The Red Cross in Geneva said the wall of water was higher than some Pacific islands and a tsunami warning was issued for the whole of the Pacific basin, except for the United States and Canada, but Hawaii ordered the evacuation of coastal areas.

At least 22 people were killed in the quake and tsunami, Kyodo news agency said, and the extent of the destruction, and the forecast for the tsunami, suggested the death toll could rise significantly.

The 8.9 magnitude quake caused many injuries, sparked fires and the wall of water, prompting warnings to people to move to higher ground in coastal areas.

"I was terrified and I'm still frightened," said Hidekatsu Hata, 36, manager of a Chinese noodle restaurant in Tokyo's Akasaka area. "I've never experienced such a big quake before."

Some nuclear power plants and oil refineries were shut down and a refinery and a major steel plant was ablaze.

Cabinet ministers were meeting about nuclear issues after media reports said the government would declare a nuclear power emergency, which occurs if there is confirmation of radioactivity leaks or a reactor cooling system breakdown.

Electronics giant Sony Corp, one of the country's biggest exporters, shut six factories, Kyodo reported, as air force jets raced towards the northeast coast to determine the extent of the damage.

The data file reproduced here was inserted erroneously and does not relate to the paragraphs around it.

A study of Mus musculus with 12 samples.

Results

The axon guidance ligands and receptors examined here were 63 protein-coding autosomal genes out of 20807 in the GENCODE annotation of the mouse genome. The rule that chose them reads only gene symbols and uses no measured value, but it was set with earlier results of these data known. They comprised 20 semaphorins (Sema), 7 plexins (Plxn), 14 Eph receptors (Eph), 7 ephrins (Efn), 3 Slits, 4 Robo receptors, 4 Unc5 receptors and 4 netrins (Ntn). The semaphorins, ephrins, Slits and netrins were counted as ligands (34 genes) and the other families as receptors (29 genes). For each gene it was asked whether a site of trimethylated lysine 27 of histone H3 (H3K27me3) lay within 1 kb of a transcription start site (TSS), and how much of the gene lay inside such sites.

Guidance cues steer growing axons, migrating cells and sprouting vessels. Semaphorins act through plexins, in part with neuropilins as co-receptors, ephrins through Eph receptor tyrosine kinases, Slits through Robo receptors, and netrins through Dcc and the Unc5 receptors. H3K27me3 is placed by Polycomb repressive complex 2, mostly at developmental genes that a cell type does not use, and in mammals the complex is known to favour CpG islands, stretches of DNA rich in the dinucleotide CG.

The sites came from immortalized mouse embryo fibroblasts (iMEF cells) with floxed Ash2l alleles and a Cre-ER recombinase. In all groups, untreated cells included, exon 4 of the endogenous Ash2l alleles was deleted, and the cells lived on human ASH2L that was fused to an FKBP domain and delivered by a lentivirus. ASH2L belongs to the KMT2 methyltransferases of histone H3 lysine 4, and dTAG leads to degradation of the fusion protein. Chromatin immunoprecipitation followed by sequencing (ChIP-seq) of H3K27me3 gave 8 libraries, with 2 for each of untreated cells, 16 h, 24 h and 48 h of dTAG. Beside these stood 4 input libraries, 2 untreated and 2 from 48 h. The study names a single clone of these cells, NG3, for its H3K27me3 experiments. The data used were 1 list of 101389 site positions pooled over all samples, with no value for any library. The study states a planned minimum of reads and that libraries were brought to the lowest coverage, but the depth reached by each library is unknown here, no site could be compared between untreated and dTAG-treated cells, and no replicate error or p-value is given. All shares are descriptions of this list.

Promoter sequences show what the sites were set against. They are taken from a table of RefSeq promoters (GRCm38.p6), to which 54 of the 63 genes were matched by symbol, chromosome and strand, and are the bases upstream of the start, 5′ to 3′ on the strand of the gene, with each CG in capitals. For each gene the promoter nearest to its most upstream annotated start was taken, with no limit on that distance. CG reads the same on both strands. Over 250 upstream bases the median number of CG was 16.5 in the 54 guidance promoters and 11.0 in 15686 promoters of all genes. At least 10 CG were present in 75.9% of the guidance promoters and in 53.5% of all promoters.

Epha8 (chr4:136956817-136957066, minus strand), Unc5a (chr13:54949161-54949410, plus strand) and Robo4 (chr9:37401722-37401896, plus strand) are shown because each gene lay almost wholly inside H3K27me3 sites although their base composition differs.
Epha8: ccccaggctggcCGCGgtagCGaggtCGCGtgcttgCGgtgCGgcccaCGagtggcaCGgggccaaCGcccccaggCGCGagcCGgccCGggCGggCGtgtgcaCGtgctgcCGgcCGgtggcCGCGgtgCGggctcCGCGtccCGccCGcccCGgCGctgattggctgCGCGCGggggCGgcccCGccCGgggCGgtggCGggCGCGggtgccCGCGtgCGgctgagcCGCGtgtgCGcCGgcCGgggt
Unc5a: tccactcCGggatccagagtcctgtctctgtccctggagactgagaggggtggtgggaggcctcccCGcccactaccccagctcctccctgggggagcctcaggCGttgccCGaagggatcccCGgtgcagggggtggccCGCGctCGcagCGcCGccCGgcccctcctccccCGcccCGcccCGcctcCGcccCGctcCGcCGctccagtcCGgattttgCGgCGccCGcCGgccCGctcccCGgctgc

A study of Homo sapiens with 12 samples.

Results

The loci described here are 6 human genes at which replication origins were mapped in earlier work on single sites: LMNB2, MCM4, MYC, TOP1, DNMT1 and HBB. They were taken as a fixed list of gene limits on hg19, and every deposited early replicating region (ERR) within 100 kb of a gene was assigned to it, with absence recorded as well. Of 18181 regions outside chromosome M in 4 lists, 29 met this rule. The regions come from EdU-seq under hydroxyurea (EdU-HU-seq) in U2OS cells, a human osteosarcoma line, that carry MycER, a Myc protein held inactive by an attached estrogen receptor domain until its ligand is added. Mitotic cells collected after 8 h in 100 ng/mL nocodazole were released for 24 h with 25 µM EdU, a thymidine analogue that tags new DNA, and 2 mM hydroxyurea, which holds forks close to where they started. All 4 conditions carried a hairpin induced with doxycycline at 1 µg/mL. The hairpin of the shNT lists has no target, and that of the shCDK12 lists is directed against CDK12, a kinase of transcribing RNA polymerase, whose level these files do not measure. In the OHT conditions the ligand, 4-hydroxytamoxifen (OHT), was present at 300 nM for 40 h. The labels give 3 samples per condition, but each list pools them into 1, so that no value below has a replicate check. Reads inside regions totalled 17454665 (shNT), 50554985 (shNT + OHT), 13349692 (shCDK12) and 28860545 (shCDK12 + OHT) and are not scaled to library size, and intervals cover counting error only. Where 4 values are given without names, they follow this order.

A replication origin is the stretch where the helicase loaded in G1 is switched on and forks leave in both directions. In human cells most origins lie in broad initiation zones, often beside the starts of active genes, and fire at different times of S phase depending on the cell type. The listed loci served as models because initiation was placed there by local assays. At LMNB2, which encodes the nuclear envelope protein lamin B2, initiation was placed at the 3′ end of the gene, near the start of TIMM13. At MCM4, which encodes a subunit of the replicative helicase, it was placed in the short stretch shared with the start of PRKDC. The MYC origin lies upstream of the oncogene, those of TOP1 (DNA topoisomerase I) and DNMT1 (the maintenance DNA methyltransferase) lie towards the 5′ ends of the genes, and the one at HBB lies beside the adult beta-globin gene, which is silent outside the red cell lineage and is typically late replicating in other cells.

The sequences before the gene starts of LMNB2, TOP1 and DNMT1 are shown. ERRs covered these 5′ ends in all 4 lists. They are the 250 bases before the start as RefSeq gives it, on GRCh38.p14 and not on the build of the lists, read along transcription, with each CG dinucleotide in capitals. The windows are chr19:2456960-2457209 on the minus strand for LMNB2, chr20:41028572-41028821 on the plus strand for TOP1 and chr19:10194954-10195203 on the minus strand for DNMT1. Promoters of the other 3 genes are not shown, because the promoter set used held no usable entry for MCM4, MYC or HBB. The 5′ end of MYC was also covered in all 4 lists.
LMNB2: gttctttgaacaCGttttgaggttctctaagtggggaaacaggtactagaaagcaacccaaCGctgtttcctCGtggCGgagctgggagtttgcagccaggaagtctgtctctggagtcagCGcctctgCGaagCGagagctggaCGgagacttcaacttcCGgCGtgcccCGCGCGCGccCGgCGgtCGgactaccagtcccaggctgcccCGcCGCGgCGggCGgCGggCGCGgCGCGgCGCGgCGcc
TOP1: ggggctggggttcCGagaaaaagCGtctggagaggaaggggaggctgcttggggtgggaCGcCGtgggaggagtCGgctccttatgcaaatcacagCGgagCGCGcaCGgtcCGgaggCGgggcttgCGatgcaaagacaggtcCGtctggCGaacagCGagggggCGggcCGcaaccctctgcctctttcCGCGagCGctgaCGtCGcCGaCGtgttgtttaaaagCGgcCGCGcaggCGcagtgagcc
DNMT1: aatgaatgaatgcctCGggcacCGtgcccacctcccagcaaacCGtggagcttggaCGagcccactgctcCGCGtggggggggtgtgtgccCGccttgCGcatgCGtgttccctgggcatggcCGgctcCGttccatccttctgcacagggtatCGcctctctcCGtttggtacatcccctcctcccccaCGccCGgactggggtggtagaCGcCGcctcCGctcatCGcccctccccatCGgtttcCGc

The Bank of Japan, which has been struggling to boost the anaemic economy, said it would do its utmost to ensure financial market stability as the yen and Japanese shares fell.

The Philippines, Taiwan and Indonesia all issued tsunami alerts, reviving memories of the giant tsunami which struck Asia in 2004. The Pacific Tsunami Warning Centre issued alerts for countries to the west and across the Pacific as far away as Colombia and Peru.

There were several strong aftershocks. In Tokyo, buildings shook violently. An oil refinery near the city was on fire, with dozens of storage tanks under threat.

Stunning TV footage showed the tsunami carrying the debris and fires across a large swathe of coastal farmland near the city of Sendai, which has a population of one million. Ships in once coastal area were lifted from the sea into a harbour where they lay helplessly on their side.

Sendai is 300 km (180 miles) northeast of Tokyo and the epicentre at sea was not far away.

NHK showed flames and black smoke billowing from a building in Odaiba, a Tokyo suburb, and bullet trains to the north of the country were halted. Thick smoke was also pouring out of an industrial area in Yokohama's Isogo area. TV footage showed boats, cars and trucks tossed around like toys in the water after a small tsunami hit the town of Kamaichi in northern Japan.

An overpass, location unknown, appeared to have collapsed and cars were turning around and speeding away. Kyodo news agency said there were reports of fires in Sendai where waves carried cars across the runway at the airport.


www.zanox.com

 

I like nature, cooking and photography. In my travels between Argentina and Italy I prefer witness through photography environment, natural and gastronomic riches.